Water Quality Accountability Act (N.J.S.A. 58:31-1 et seq.)
What is the Water Quality Accountability Act?
The Water Quality Accountability Act, P.L. 2017, c. 133 (WQAA), enacted on July 21, 2017, established new requirements for purveyors of public water to improve the safety, reliability, and administrative oversight of water infrastructure. The WQAA becomes effective on October 19, 2017. The full text of the Act, N.J.S.A. 58:31-1 et seq., can be found here.
Who does the Water Quality Accountability Act affect?
The Act applies to water purveyors with more than 500 service connections, which is approximately 300 water systems in New Jersey.
What are the new requirements created by the Water Quality Accountability Act?
The Act requires purveyors to create and implement an asset management plan designed to inspect, maintain, repair, and renew its infrastructure consistent with standards established by the American Water Works Association. In addition, the Act also specifies a methodology for routinely testing valves and fire hydrants. Also, the Act supplements the Safe Drinking Water Act (N.J.S.A. 58:12A- 1 et seq.), by requiring the submittal of a mitigation plan by purveyors that exceed a certain number of violations in a set interval of time. Purveyors regulated by the Act that have internet connected control systems will also need to create cybersecurity programs and join the NJ Cybersecurity and Communications Integration Cell in order to receive support should a cybersecurity incident occur.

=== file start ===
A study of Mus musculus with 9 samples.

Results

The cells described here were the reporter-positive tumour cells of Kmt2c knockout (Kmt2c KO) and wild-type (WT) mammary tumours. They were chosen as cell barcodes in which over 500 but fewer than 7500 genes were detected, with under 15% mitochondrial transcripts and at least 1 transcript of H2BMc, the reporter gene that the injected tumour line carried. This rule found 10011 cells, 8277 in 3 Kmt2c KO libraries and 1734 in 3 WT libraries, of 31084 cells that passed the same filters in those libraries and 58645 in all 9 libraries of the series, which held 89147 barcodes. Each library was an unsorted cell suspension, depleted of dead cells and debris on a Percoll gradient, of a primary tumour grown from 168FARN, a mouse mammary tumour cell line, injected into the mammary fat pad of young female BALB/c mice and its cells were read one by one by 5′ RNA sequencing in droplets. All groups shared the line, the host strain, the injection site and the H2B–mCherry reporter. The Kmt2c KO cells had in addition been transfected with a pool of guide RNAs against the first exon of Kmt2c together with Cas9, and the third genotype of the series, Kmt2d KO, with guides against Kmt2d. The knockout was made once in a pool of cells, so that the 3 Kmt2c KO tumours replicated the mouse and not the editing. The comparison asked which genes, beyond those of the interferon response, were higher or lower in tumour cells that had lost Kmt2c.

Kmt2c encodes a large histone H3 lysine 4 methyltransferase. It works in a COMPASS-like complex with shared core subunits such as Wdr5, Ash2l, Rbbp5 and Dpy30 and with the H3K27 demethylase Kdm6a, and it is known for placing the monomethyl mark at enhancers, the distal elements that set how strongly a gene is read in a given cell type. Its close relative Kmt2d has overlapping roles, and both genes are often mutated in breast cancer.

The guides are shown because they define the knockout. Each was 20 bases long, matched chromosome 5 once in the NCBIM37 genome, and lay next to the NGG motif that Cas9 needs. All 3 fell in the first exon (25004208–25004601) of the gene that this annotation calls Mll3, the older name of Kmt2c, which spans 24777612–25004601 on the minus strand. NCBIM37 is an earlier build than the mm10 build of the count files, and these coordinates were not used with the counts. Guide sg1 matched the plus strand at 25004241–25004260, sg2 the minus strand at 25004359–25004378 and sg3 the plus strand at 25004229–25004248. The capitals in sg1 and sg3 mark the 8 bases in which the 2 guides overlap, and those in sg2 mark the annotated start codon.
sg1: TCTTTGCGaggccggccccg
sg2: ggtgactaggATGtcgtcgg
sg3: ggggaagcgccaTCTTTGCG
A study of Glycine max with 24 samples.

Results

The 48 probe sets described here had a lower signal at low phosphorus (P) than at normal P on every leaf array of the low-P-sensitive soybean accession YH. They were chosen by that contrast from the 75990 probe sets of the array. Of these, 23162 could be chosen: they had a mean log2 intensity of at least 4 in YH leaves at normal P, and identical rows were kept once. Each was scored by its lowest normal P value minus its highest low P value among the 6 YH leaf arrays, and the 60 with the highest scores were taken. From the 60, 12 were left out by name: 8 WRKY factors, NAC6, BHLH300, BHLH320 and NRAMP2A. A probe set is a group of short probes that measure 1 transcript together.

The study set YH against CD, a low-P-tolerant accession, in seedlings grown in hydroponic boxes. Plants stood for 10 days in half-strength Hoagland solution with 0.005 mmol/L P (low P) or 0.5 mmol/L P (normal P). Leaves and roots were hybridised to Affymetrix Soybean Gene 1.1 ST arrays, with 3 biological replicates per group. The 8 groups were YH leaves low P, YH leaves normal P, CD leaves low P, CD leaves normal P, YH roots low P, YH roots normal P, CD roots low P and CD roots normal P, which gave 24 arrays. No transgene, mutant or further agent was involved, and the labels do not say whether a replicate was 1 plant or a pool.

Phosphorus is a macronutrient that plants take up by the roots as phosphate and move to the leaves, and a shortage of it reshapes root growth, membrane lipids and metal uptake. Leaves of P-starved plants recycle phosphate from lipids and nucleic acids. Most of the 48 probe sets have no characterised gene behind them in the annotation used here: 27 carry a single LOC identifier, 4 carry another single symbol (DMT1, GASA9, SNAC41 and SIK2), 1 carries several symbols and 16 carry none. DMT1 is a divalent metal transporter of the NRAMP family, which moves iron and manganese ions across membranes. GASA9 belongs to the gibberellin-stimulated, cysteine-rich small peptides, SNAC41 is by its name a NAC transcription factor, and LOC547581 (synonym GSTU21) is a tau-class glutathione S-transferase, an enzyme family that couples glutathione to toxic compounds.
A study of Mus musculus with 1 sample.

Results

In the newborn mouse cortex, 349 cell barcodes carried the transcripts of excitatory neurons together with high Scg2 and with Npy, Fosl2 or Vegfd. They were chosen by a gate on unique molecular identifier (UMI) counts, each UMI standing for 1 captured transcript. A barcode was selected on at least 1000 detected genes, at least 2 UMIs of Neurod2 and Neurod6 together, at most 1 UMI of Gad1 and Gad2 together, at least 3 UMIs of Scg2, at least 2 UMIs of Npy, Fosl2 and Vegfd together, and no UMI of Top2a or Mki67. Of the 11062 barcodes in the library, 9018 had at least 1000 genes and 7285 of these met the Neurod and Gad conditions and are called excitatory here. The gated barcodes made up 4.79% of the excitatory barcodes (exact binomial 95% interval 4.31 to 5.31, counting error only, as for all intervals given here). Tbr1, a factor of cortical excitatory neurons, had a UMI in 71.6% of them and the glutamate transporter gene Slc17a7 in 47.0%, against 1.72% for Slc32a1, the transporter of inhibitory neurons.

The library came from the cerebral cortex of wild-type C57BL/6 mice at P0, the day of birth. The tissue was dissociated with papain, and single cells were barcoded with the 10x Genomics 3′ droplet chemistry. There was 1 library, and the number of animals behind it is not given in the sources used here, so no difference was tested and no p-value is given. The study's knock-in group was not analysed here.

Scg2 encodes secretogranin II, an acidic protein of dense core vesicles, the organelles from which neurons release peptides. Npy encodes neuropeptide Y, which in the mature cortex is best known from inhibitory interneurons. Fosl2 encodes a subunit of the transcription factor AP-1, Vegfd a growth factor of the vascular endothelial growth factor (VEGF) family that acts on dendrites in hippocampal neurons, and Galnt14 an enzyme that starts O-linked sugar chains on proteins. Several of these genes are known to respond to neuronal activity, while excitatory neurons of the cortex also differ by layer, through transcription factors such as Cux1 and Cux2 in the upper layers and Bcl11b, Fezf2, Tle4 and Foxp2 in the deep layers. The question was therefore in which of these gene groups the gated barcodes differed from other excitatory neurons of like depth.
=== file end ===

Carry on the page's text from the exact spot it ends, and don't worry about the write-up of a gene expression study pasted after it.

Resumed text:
How will the Water Quality Accountability Act be implemented by the NJDEP?
While the Act establishes the New Jersey Department of Environmental Protection (NJDEP) as having a central role in its implementation, it also identifies several other agencies (New Jersey Board of Public Utilities, New Jersey Office of Homeland Security and Preparedness, and the New Jersey Department of Community Affairs), with essential roles. Currently, NJDEP is coordinating with these agencies, and will solicit stakeholder input in the near future. The NJDEP is committed to the successful implementation of the Water Quality Accountability Act, and is working to identify all options for implementation that will improve the reliability, resiliency, and sustainability of NJ’s water utilities, ultimately improving the protection of public health and the environment.
Who can I speak with to learn more about Water Quality Accountability Act?
Please direct any questions to email@example.com and be sure to include “Water Quality Accountability Act” or “WQAA” in the subject line.